Enemy at the Gate: Guerra Heads to the International Frontier with Flat Coetzee Adaptation
The richness and heft of Ciro Guerra’s cinema gets lost somehow along the trip to J.M. Coetzee’s border of the Empire, with the Embrace of the Serpent and Birds of Passage director failing to make an equally strong impression in his first English-language film. Waiting for the Barbarians enlists Coetzee on screenwriting duty for the first time, prompting the Nobel laureate to adapt his own 1980 novel into a mostly faithful but toothless script. Mark Rylance’s central performance anchors the story and gives it much-needed texture, while Johnny Depp’s one-note, uptight villainy doesn’t even spill out from behind a pair of frowny round sunglasses. In its film version, the story remains a compelling study of anti-imperialism, conveniently made universal by its lack of geo-historical connotations, but allegories this neat end crossing the border and vanishing without a trace.
Rylance is introduced as the Magistrate, presiding over his desert stretch of border at the edge of a huge Empire. Life away from the capital is harsh, but he maintains a jovial attitude, making soft-power and realpolitik the hallmarks of his rule. He gets out of the military barracks, respects and befriends locals in the village, and scoffs at the idea of mysterious ‘barbarians’ gearing up for an offensive against the Empire’s walls. As he puts it, ‘leaving well enough alone’ is the sum of his strategy, which is upset by the arrival of Colonel Joll – a blunt, fascist-looking representative of a police branch of the Empire. ‘Probing for the truth’ by way of torture and prevarication, he quickly brings on the turmoil and instability he was supposed to prevent.
Originally meant in the novel as an allegory of Apartheid South Africa, shot in the sun-drenched desert of Morocco, populated by East Asian indigenous groups, and sprinkled with colonial and fascist-era references in its military organization and costumes (superb in its mixing of styles, fabrics and gear from practically all of 20th-century history), this is an intriguing world to delve in, but it’s hard to shake the feeling that our culture has caught up to its metaphorical insights in the decades since 1980. There was a time when a specific issue could be illuminated by approaching it indirectly through an abstraction, but in today’s global world, we have already become that abstraction. Guerra has built his success on ferociously grounded ethnography, making the particular rise to the level of the universal, and it’s puzzling to see him stumble here while trying to do the inverse. It remains a painfully topical story, but for all its efforts in shuffling the deck of our perspective, it ends up in a place of bland familiarity.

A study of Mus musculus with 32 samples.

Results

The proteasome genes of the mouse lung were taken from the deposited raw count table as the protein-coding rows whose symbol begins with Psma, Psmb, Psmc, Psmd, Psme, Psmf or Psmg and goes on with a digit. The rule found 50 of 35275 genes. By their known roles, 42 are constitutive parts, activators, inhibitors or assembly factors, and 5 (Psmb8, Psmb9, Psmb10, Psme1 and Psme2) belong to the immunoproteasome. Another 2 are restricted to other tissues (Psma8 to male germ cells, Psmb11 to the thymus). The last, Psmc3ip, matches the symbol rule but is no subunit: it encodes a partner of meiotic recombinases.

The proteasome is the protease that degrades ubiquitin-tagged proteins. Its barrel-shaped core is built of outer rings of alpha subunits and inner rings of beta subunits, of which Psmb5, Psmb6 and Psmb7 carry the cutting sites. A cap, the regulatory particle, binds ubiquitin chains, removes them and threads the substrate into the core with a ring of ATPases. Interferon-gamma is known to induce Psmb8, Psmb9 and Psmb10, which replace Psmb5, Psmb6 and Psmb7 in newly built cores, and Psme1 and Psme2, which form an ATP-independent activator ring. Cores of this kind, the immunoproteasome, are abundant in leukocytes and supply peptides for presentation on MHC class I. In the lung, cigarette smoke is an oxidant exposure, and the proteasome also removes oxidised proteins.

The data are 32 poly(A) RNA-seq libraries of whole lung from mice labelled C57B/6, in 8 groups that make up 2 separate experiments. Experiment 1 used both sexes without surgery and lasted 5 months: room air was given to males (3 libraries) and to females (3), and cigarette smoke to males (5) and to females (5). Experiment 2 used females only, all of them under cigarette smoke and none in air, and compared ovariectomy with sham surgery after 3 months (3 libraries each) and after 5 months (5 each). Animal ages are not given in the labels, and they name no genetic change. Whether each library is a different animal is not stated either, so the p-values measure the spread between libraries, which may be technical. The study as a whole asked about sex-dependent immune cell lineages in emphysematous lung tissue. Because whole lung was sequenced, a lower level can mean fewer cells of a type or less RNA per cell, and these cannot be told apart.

Chronicling the deterioration of social order through four seasons, Guerra’s heterogeneous production still finds pockets of poignant contradiction and socio-political analysis, especially in leveraging Rylance’s conflicted moral purity and deeply-rendered suffering to explore the less obvious effects of colonial devastation. In the Magistrate’s relationship with an indigenous woman who has fallen victim to Joll’s cruelty, Guerra interrogates the ambiguity of his obliviousness and entitlement, and the catastrophic consequences of his good intentions.
Those intentions are what incites a journey into indigenous territory, substituting the indoor flickering of torches and candlelight in Chris Menges’ cinematography for stunning vistas and strangely menacing landscapes out in the desert. As the precarious balance between interior and exterior crumbles down on the increasingly desperate characters, Guerra at least gets some jolts of deranged energy out of the proceedings, and while Depp disappears and Robert Pattinson shows up in a supporting role that’s not on par with his recent, similar work, only Rylance is left to contemplate the unraveling of his dominion.
Reviewed on September 6th at Venice Film Festival – Competition. 113 min.